Gene Variants, Mutations Associated with Several Mental Disorders

Two recent studies have identified gene variants and mutations that significantly increased the likelihood of schizophrenia, alcoholism, and bipolar disorder development.

Two recent studies have identified gene variants and mutations that significantly increased the likelihood of schizophrenia, alcoholism, and bipolar disorder development.

In a July 22 study published online in Nature, investigators observed the genome of 36,989 schizophrenia patients and 113,075 controls. The researchers highlighted 108 relevant loci, 83 of which had not been studied prior.

“By studying the genome, we are getting a better handle on the genetic variations that are making people vulnerable to psychiatric disease,” Thomas Insel, director of the National Institute of Mental Health, which institute helped fund the study, said in a statement. “Through the wonders of genomic technology, we are in a period in which, for the first time, we are beginning to understand many of the players at the molecular and cellular level.”

The investigators reported a notable association between the disorder and the region of the genome that holds DRD2, the target of all effective schizophrenia medications. Furthermore, the researchers found that the genes implicated were associated with malfunctioning in glutamatergic synaptic and calcium channel function.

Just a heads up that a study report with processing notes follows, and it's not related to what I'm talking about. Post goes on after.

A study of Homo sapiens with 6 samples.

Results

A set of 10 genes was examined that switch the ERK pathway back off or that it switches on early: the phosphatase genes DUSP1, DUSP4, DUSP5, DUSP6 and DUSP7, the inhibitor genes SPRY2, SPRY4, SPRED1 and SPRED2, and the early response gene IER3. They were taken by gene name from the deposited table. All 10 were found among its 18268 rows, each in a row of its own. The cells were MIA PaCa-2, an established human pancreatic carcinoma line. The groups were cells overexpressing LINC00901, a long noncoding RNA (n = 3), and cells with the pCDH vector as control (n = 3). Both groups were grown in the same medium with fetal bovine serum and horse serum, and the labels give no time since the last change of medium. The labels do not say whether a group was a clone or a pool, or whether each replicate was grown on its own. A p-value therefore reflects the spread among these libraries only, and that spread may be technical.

Their findings supplemented previous research in Psychiatric Genetics conducted by University College London (UCL), which associated a variation in the metabolic glutamate receptor 3 gene (GRM3) with alcoholism, schizophrenia, and bipolar disorder. In the Nature study, GRM3 was the only gene out of 108 highlighted for which a specific mutation was associated with schizophrenia.

With the variant present in one of 200 individuals, the Psychiatric Genetics study found carriers of the GRM3 variant had a 3-fold risk of developing bipolar disorder, and the same mutation doubled to tripled the occurrence of schizophrenia or alcoholism, according to a UCL release.

Based on their findings, Andrew McQuillin, PhD, head of the UCL Molecular Psychiatry team for the previous study pointed out that other studies have attempted to treat schizophrenia by targeting glutamate receptors. However, treating patients with GRM3 mutations may produce more worthwhile results.

“Overall I expect we will see increased interest in drugs against both glutamate receptors and calcium channels as a result of the research,” he said in a statement.

Professor David Curtis of UCL’s Psychiatry Department, and a contributor of both studies claimed the results could help find the next big drug for treating mental illness.

“The work opens up new ways to prevent and treat mental illnesses by revealing the mechanisms involved in their development,” he said in a statement. “The result for GRM3 from the consortium is particularly compelling, as the odds of this occurring by chance are only one in a billion.”